Tettleton's HR in 9th beats Blue Jays, 3-2

October 04, 1990|By Bill Glauber

Tom Brunansky caught the ball. That was on tape. Mickey Tettleton hit the home run. That was live.

And in the age of satellite dishes and television scoreboards, baseball pennant races never will be the same.

Pity the Toronto Blue Jays. They lost twice last night at Memorial Stadium. Flashed before their eyes on the scoreboard was Brunansky's game-saving catch, the one in Fenway Park that gave the Boston Red Sox a 3-1 win and the American League East title. And moments later, live, Tettleton struck his two-out, bases-empty, ninth-inning home run that lifted the Baltimore Orioles to a 3-2 victory in the final regular-season game of 1990.

"It hit us right in the face," Toronto outfielder Mookie Wilson said. "That was reality, Brunansky making the catch and the Red Sox winning. The damage was already done. And then Tettleton hit the home run."

Yes, Tettleton -- the potential free agent, the catcher-designated hitter who happened to strike out 160 times in 1990, one season after turning Froot Loops into a power breakfast. Tettleton heard boos throughout the summer, but last night, he was cheered by the crowd of 26,913, which roared for an encore.

"I was thinking as I ran around the bases that I always wanted to do something like that, win a game with a homer, end a season with a homer," Tettleton said.

The home run -- his 15th of the season -- left the Orioles in fifth place in the American League East with a 76-85 record. The Blue Jays (86-76) finished second for the third time in four seasons.

It was a remarkable finish to a divisional race that careened into the final day of the regular season. The Blue Jays needed a win and a Red Sox loss to force a divisional playoff in Toronto. The Orioles provided a difficult obstacle, winning two of the three games in the final series.

"This kind of win doesn't make the season any better in itself," Orioles manager Frank Robinson said. "It's nice to finish on a positive note. But next year is next year. This is over. We'll go from April 1991. There is no carry-over."

Gregg Olson (6-5) won the game in relief, retiring one batter after Ben McDonald gave way in a superb 8 2/3 -inning effort. McDonald allowed 10 hits and struck out a career high of nine batters.

"I felt like I was in command," McDonald said. "It was exciting. There was a real pennant race out there. I hope one day I'm on the mound and we're in the other position, trying to win a title."

But McDonald's streak of 23 consecutive scoreless innings came to an end in the eighth when John Olerud's one-out, two-run home run gave the Blue Jays a 2-1 lead.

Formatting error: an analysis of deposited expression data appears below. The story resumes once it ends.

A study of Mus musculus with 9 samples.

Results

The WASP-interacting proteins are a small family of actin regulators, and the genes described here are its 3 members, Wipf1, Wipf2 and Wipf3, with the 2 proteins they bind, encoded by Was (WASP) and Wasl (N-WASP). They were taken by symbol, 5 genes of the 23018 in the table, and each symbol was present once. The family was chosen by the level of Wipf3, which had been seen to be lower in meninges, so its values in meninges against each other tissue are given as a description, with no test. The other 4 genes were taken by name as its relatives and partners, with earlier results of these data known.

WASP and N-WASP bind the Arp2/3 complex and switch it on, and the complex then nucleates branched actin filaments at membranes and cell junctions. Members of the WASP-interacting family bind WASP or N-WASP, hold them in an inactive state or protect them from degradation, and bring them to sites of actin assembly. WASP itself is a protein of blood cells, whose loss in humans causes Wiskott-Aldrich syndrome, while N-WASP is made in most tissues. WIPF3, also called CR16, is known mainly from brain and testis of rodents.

The Orioles also had trouble against Toronto starter Dave Stieb, 1-5 lifetime in Baltimore, but a picture of veteran stability last night. Stieb (18-6) went seven innings, allowing six hits and two earned runs and striking out six.

The Orioles got a run off him in the sixth when Bill Ripken hit his second double of the game and 28th of the season over the head of Toronto center fielder Wilson. Steve Finley followed with a triple over Wilson's head, but Stieb avoided further trouble, ending the inning with a Brady Anderson strikeout and a Cal Ripken ground out.

The Orioles' lead held up until the eighth, when Fred McGriff led off with a single, George Bell struck out, then Olerud sent a McDonald fastball over the wall in right for a 2-1 Toronto advantage.

But the Orioles rallied with a run in the bottom of the eighth. After consecutive singles by Jeff McKnight and Craig Worthington, Stieb hit Bill Ripken to load the bases and Toronto manager Cito Gaston brought in his closer, Tom Henke.

Finley's sacrifice fly to right brought home McKnight with the tying run. But the Orioles couldn't push across the go-ahead run, Anderson grounded into a double play -- McGriff touching the bag at first and throwing home to catch pinch runner Rene Gonzales (inserted for Worthington) in a rundown.

Finally, in the ninth, after the Blue Jays season was declared over by Boston, Tettleton added another blow with his home run off Henke.

"You had to concentrate and do the right thing," Henke said. "I wanted to win this game. Sure, I knew Boston had won. I didn't look at the scoreboard, but I could hear the crowd. I made a good pitch, and Tettleton just hit it out. I wish I could have had it back."

But the home run was live. And the season was finished.